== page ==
Osteoarthritis (“arthritis”) is a very common condition, affecting 25% of the population over the age of 65. Weight bearing joints in the lower limb are particularly susceptible to arthritis as the weight of the body adds to the biomechanical stresses affecting the joints. Two very common areas for arthritis are the hip and the knee.
There are different forms of arthritis. Some are inflammatory, like rheumatoid arthritis. These types of arthritis are usually genetic and have less to do with “wear and tear”. Your body has decided to “attack” its own joints and inflame them. The more common type of arthritis is not an inflammatory type of arthritis, but rather a “wear and tear” type. This is osteoarthritis…the type that usually affects knees, hips, the lower back and neck (to name a few areas).
Arthritis Risk Factors
There are various risk factors for the development of arthritis. If everyone in your family has experienced arthritis, there’s a good chance you will too. If you’ve had multiple traumas to a joint and have endured a lifetime of strenuous activity (sports or employment) there’s a good chance you’ll develop arthritis in that joint. Interestingly, some research has uncovered some more interesting, less obvious risk factors…
Knee Arthritis and Hip Arthritis
A recent paper published in Foot and Ankle International found a correlation between certain foot-types and joints where arthritis occurred. The authors found those with limited dorsiflexion (the movement of bringing your toe toward your shin) and a high arch in the foot had a trend toward arthritis in the hip. For those with a normal range of motion in the ankle but flat feet there was a trend toward arthritis in the inside of the knee.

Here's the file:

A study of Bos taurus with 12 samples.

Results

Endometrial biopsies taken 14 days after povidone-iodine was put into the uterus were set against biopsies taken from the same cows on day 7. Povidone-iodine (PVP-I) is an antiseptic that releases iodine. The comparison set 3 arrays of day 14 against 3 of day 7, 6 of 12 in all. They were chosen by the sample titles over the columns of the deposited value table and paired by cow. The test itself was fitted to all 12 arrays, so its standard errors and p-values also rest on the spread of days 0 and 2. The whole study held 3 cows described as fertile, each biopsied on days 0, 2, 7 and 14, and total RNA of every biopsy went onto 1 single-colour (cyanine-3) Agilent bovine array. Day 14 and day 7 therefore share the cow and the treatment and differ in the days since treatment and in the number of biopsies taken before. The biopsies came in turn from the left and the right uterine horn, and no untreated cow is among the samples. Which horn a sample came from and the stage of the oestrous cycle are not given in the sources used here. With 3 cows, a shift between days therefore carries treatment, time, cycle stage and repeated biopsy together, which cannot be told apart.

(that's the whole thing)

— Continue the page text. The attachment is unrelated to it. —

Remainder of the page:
Thankfully, another recent study has provided a reliable way for practitioners to measure patients and determine if their foot type and ankle range of motion is abnormal. We can combine this information with other risk-factors for osteoarthritis and tailor a treatment plan accordingly. In other words, if your measurement scores are poor and you already have some risk-factors for the development of arthritis (elderly, female, obese, osteoporotic, history of trauma to the joint, genetics etc.) there’s a good chance you’ll experience some pain at some point. X-rays and blood tests can also sometimes be helpful for the diagnosis of arthritis.
Treatment for Arthritis
There are various treatment options for arthritis. At our clinic in Burlington, we offer treatment through our physiotherapists and our chiropractors. Both practitioners offer laser therapy, which is perhaps the fastest way to get pain relief. For some, the pain doesn’t return for quite some time. For others, strengthening and stretching are the best options, which can be taught to you by our physiotherapist.
If you think you may have arthritis or at risk of arthritis, give us a call. We can offer you advice, direction and a plan for the future. Laser Therapy, Chiropractic, Physiotherapy…we can help!
To learn more about our chiropractors, click here.
To learn more about our physiotherapists, click here.
Bosomworth NJ. Exercise and knee osteoarthritis: benefit or hazard? Canadian Family Physician 2009; 55: 871-878.
Reilly K, Barker K, Shamley D et al. The role of foot and ankle assessment of patients with lower limb osteoarthritis. Physiotherapy 2009; 164-169.
Reilly K, Barker K, Shamley D et al. Influence of foot characteristics on the site of lower limb osteoarthritis. Foot Ankle International 2006; 27: 206-211.